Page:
The Treaty of Waitangi is not a single large sheet of paper but a group of nine documents: seven on paper and two on parchment. Together they represent an agreement drawn up between representatives of the Crown on the one hand and representatives of Māori iwi and hapū on the other. The Treaty is named after the place in the Bay of Islands where it was first signed on 6 February 1840, but it was also signed in a number of other locations around the country in the following months. © Archives of New Zealand, (CC BY 2.0)

New Zealand is a parliamentary democracy. The prime minister is the head of New Zealand’s government, which must have majority support of members of Parliament.

New Zealand became a self-governing British colony in 1856, a Dominion in 1907, and fully independent in 1947. New Zealand is an independent state of the Commonwealth.
The Governor General represents the Queen of England in New Zealand.

New Zealand law guarantees at least six of those seats are set aside for Maori and the political parties’ electoral processes have made provision for further Maori representation.

Government is run by coalition partners, the Labour Party and the Progressive Coalition, with the support of two minor parties – the Greens and United Future parties.

The country’s laws are made by Parliament, which is based on the British Westminster system.
New Zealanders aged 18 and over can vote for members of Parliament (MPs). Elections are held every three years.

Under the Mixed Member Proportional (MMP) Parliamentary system of 120 seats, New Zealanders cast two votes – one for a political party, and one for a local MP. The number of seats each party gains in Parliament is decided by how much of the total party vote the party gets.

New Zealand is fully independent, but it is also a constitutional monarchy: the head of state is Queen Elizabeth II. She is represented in New Zealand by the governor general, who traditionally does what the government advises him or her to do.

In 2004 the prime minister, the chief justice and the governor general were all women.

The Treaty of Waitangi

The Treaty of Waitangi is the founding document of modern New Zealand. It is named after the place (Waitangi) in the Bay of Islands where it was first signed on 6 February 1840. It was signed by William Hobson and other people representing the British Crown (Queen Victoria), and a large number of Māori chiefs.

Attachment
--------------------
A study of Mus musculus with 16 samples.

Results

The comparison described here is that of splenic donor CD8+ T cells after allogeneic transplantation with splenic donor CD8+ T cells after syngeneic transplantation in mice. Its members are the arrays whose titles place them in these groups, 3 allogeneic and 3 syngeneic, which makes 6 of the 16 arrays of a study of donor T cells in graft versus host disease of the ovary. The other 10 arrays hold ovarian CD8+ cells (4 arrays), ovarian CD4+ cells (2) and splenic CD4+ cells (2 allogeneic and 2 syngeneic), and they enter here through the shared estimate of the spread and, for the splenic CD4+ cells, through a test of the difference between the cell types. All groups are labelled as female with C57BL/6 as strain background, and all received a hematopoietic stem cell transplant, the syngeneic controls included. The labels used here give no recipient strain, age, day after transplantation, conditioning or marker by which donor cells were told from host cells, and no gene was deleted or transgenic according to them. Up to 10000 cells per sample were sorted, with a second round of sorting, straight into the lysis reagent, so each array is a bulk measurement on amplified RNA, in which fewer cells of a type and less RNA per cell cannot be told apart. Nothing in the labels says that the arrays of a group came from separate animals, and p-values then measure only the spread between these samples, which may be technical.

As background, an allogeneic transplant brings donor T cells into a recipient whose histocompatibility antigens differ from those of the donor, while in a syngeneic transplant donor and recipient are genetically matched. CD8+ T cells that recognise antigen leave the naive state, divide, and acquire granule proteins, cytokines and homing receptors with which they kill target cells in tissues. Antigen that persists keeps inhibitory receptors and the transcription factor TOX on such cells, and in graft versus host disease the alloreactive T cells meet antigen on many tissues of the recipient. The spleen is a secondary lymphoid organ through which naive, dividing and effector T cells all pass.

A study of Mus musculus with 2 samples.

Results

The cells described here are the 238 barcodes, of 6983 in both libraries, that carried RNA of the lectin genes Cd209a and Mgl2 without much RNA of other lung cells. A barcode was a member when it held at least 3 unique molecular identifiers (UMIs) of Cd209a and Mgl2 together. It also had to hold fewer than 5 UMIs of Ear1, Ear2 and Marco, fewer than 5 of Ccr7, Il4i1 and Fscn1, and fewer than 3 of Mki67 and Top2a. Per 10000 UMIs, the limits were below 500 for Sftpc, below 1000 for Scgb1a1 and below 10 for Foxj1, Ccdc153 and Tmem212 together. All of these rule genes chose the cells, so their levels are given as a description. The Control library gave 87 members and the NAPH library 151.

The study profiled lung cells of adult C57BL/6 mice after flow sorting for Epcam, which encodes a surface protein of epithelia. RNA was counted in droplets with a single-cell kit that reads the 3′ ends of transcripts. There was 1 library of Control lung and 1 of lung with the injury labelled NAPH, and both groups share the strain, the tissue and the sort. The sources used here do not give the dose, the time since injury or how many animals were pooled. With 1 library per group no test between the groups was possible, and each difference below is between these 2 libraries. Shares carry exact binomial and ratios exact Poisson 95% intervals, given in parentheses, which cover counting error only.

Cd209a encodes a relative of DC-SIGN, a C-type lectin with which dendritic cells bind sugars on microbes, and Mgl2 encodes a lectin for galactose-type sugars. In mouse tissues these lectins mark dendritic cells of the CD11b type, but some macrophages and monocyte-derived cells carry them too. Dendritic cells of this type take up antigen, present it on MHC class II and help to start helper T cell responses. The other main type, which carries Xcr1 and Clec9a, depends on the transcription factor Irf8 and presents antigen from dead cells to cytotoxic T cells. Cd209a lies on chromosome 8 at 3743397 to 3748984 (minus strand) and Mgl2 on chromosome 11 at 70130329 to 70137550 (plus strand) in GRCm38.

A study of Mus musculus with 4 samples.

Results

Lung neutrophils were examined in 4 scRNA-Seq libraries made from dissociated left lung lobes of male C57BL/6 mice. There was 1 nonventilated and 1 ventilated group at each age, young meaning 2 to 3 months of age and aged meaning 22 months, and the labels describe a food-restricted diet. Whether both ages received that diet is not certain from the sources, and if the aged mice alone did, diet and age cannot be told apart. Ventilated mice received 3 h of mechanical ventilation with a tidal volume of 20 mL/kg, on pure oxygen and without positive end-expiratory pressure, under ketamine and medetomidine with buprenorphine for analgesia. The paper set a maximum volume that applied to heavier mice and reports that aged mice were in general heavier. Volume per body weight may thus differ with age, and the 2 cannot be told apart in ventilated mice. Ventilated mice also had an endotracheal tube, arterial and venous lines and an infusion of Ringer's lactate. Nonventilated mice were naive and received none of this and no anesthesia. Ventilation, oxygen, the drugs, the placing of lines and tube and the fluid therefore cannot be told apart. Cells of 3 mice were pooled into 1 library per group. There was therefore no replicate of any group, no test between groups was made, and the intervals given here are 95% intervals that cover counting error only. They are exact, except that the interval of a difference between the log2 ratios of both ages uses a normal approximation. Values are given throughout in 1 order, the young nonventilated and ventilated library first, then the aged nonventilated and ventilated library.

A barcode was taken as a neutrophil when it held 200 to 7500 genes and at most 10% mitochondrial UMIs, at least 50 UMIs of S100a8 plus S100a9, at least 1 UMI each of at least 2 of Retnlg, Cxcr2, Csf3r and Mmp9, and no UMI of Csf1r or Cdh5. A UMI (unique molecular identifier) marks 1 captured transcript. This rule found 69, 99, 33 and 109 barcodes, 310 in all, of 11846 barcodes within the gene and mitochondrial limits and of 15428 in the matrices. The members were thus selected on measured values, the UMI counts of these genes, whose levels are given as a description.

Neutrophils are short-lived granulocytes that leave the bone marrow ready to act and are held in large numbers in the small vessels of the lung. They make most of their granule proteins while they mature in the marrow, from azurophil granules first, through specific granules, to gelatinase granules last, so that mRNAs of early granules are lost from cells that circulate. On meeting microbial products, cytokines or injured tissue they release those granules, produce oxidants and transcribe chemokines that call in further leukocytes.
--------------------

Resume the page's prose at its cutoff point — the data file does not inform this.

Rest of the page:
The chiefs agreed that the British should have some authority in New Zealand, and that European people could settle there. They understood that in turn they would keep their own lands and customs, and that the authority of the chiefs would remain.

Promises made to Māori in the treaty were not always kept, and there is debate about what it means. The Waitangi Tribunal deals with claims from Māori tribes about their land and other issues to do with the treaty.

Independence and nationhood

Thousands of settlers, mostly from England, Scotland and Ireland, began to arrive in New Zealand from the 1840s, and they set up their own government in the 1850s. Over the next 150 years the country became less dependent on the British government. But there are still many signs of the historic link with Britain – for example, you can see the Queen’s head on New Zealand coins.


New Zealand is a small independent country which plays an active role in the United Nations and the British Commonwealth. It is a distinctive nation, with its own traditions and ways of life. It has its own flag, coat of arms, national anthem and national holidays.

New Zealand is a member of the United Nations and is a party to approximately 2,500 international treaties. Many of these are multilateral environmental agreements such as the Antarctic Treaty of 1959, the United Nations Convention on the Law of the Sea (1982) and the United Nations Framework Convention on Climate Change (1992). The Kyoto Protocol, the next development of this Convention, will introduce binding commitments for countries to limit greenhouse gas emissions.